By Stephanie Zacharek
By Michael Atkinson
By Chris Packham
By Kevin Dilmore
By Amy Nicholson
By Alan Scherstuhl
By Inkoo Kang
By Heather Baysa
A teenage witch stands trembling behind her unsuspecting mother and father, wand raised. Obliviate, she whispers, and her parents' eyes go glassy, their memories erased. On the mantel, the girl's image disappears from the family's photos. Blinking back tears, she walks into the street, the link between herself and her childhood sundered.
Youth fled early for Hermione Granger, and Harry Potter, and Ron Weasley, the trio at the center of the Harry Potter franchise. And that disturbing and evocative scene, which comes very early in Harry Potter and the Deathly Hallows: Part 1, the penultimate film in the series, illustrates the rewards and challenges of adapting the seventh of J.K. Rowling's novels. No longer really a children's story at all, Deathly Hallows plucks its young heroes from the comfy four-posters of Hogwarts and makes them refugees, fleeing — and, eventually, waging — war. Innocents are murdered, beloved characters tortured; we'll see show trials, eugenicist propaganda ("When Muggles Attack!") and jackbooted thugs. Because it's a magical war, we'll also hear a lot of talk about Horcruxes (talismans in which evil Voldemort has hidden parts of his soul) and Hallows (magical objects whose importance is explained in a splendid animated sequence near the film's end).
David Yates's handsome film begins with exceptional confidence and a deliberate pace, as the three leads prepare for the quest — to destroy the Horcruxes — on which Dumbledore sent them before his death at the end of the last Potter installment. Hermione bewitches her parents; Harry takes one last look around the house of his miserable pre-Hogwarts days. A scene of Voldemort meeting with his followers — pure hokum in the novel — is creepy and satisfying. And the film's comic high point arrives early, as Harry comes face-to-face with seven other Harrys, friends transformed into identical decoys to confuse the bad guys.
By the time Voldemort's Death Eaters have Harry, Ron and Hermione on the run, though, the movie has accelerated to the galloping tempo familiar from the last two Potter adaptations, both also directed by Yates. Deathly Hallows: Part 1 crams in 500 of Rowling's 759 pages, and so the story hurtles forward unceasingly, with only shouted, harried exposition separating one twist from the next. For die-hard fans of the novels, the movie's haste is aggravating. But casual viewers might well tune out the details and just enjoy the scenery.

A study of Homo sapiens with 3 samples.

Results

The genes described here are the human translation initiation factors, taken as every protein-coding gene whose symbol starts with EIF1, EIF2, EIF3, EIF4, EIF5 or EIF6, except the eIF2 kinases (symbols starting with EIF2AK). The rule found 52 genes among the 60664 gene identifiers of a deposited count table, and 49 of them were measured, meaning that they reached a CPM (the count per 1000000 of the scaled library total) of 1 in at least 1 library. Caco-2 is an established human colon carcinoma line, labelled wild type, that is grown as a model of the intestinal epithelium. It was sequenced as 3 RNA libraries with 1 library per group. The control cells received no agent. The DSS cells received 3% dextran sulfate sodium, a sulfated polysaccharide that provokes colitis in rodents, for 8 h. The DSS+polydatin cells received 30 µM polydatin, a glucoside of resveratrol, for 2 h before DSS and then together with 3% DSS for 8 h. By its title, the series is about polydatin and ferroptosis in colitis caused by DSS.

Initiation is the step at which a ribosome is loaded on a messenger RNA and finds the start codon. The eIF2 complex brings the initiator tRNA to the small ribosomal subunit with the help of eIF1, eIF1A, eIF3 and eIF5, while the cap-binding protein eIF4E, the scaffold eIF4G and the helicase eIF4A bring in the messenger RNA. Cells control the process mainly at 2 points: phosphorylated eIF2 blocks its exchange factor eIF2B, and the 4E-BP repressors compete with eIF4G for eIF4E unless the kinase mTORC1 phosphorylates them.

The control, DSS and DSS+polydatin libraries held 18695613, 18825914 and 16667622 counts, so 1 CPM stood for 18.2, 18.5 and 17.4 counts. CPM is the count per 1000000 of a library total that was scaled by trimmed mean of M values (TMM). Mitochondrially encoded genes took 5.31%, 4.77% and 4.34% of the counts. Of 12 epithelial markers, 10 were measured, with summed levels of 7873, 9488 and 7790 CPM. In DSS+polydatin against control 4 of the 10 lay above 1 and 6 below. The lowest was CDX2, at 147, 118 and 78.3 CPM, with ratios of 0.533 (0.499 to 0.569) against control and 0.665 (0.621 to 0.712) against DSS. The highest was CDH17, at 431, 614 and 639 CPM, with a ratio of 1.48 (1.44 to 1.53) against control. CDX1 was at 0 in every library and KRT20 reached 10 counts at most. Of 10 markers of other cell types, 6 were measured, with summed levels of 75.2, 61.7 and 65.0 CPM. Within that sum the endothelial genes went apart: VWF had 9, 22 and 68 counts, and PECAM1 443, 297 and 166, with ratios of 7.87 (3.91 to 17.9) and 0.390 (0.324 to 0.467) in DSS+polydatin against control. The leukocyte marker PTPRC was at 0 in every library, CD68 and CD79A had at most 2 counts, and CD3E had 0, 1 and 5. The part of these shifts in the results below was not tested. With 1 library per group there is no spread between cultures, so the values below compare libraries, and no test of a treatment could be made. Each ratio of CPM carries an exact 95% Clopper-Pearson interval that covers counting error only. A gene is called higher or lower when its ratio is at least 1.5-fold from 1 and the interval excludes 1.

Which, it should be said, is very scenic! There's the action scenery: The fights, both airborne and grounded, are exciting and unusually coherent, and the special effects are top-notch, as usual. There's the scenery scenery: Our on-the-run heroes set up camp on any number of windswept British heaths and hillsides. And, of course, there's the acting scenery: Aficionados of Brit drama can play the customary game of spot-the-thespian.
Of course, these fine actors — including Julie Walters, Ralph Fiennes, Richard Griffiths, Bill Nighy, Michael Gambon, Brendan Gleeson and John Hurt — are just there to support the three kids at the film's center. Daniel Radcliffe will have his time to shine in Deathly Hallows: Part 2, in which Harry takes center stage. But Part 1 belongs to Rupert Grint and Emma Watson.
Watson's brainy, practical Hermione drives the film's narrative; Grint's fiery, jealous Ron provides its relatable conflict. The movie foregrounds the pair's charged relationship, and teases, to a much greater extent than the novel does, a romantic competition between Harry and Ron.
The kids are growing up fast, and the best bits of Deathly Hallows are the moments that play with the tensions of late adolescence, as when the three teens disguise themselves as adult bureaucrats to launch a raid on the Ministry of Magic. It's only when they're trapped in grown-up bodies — when we see the gulf that separates even the bravest, smartest teenagers from the exhausted adults they'll one day become — that we can remember they're still really kids.